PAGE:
Turkey Wants Russia Oil Cooperation

ANKARA -- Turkey has asked Russia to take part in a rival Turkish project to transport oil from rich Caspian Sea fields to the Mediterranean via a pipeline through Turkish territory, industry sources say.

The proposed pipeline between Baku, capital of Azerbaijan, and Turkey's Mediterranean port of Ceyhan is in fierce competition with a Russian option to carry the Caspian oil to Russia's Black Sea port of Novorossiisk.

"Turkey is not against the Baku-Novorossiisk option but is also keen to materialize the Baku-Ceyhan pipeline," a Turkish oil source said.

"In doing this we are seeking cooperation, not rivalry with Moscow. We propose that Russia's pipeline company Transneft construct a major portion of the Baku-Ceyhan pipeline," the source said.

"Transneft is interested in our offer and we will see in the near future if there can be cooperation," the source added.

Russian Prime Minister Viktor Chernomyrdin and Turkish Foreign Minister Tansu Ciller briefly discussed possible cooperation on Caspian oil and gas issues when Ciller visited Moscow last week.

Ciller said in the Russian capital Wednesday that the two countries had decided to set up a working group to discuss the matter in detail.

A consortium of Western, Azeri and Russian companies signed an $8 billion accord with the Baku government in 1994 to develop three Azeri oil fields in the Caspian Sea.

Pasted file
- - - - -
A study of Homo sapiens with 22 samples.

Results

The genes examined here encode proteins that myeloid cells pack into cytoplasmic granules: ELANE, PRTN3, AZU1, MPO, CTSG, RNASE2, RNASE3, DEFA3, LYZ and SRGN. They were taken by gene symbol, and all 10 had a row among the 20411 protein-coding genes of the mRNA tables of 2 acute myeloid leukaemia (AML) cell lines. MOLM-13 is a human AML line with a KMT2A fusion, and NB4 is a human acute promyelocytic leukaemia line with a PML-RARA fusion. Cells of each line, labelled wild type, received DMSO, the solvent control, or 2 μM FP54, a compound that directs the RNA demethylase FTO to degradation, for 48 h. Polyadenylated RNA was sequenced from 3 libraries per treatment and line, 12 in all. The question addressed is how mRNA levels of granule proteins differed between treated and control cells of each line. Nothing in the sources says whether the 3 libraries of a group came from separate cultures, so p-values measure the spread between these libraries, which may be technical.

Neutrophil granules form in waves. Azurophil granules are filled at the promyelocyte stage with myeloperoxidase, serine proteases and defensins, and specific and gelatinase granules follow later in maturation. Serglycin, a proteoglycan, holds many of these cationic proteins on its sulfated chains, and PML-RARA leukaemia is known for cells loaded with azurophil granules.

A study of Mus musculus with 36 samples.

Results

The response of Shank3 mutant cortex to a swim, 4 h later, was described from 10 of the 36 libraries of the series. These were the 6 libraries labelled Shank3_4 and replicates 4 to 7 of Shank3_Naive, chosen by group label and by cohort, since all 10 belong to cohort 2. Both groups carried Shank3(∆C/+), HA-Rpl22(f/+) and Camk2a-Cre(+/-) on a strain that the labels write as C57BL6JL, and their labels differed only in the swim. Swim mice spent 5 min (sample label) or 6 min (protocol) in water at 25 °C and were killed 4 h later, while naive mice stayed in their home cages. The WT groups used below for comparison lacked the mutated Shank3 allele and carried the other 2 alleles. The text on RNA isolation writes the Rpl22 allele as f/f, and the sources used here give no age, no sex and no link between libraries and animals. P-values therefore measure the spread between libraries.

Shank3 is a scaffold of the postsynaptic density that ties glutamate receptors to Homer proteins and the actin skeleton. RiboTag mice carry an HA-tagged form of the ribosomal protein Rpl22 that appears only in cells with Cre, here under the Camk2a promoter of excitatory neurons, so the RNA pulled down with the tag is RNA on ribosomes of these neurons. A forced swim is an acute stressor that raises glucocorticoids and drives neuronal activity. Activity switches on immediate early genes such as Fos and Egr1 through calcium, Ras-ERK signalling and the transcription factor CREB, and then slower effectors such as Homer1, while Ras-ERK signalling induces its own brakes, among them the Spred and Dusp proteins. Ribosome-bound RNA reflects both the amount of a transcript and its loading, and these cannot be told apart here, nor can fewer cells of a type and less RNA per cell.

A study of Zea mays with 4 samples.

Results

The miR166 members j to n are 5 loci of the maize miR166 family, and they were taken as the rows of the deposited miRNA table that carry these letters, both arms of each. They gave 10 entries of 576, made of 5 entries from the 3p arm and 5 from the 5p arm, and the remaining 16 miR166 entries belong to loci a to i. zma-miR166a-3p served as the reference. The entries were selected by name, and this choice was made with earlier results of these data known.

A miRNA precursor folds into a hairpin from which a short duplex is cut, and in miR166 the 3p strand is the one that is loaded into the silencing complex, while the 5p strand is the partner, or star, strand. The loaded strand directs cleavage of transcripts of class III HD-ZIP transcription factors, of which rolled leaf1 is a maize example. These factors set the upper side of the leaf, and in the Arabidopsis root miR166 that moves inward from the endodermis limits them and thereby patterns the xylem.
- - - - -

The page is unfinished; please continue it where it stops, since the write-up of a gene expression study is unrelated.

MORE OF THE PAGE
To export early oil of up to 6 million tons annually from these fields in the next few years, the consortium has adopted two pipeline routes, one between Baku and Novorossiisk and the other between Baku and Georgia's Black Sea port of Soupsa.

But after 2002, when full production is due to start, some 45 million tons of Azeri oil are planned to flow annually to international markets via at least one main pipeline. The likely candidates are the Russian and the Turkish options.

The consortium is due to decide on the main pipeline route in late 1997.

"The Russians are divided on oil policies. Chernomyrdin, who is from the energy sector himself, the oil and energy ministry and Transneft are sympathetic to cooperating with Turkey," said one Turkish diplomat.

"But the Russian Foreign Ministry as well as some advisers to President Boris Yeltsin are strictly against any non-Russian pipeline route from former Soviet republics," the diplomat said.

To bypass the Turkish straits in the future transport of oil, including petrol from vast fields of Kazakhstan, the Russians have considered the construction of a pipeline between the Black Sea and the Mediterranean through Bulgaria and Greece.

However, the talks have recently stalled due to Bulgaria's demand for high passage fees, Western sources said.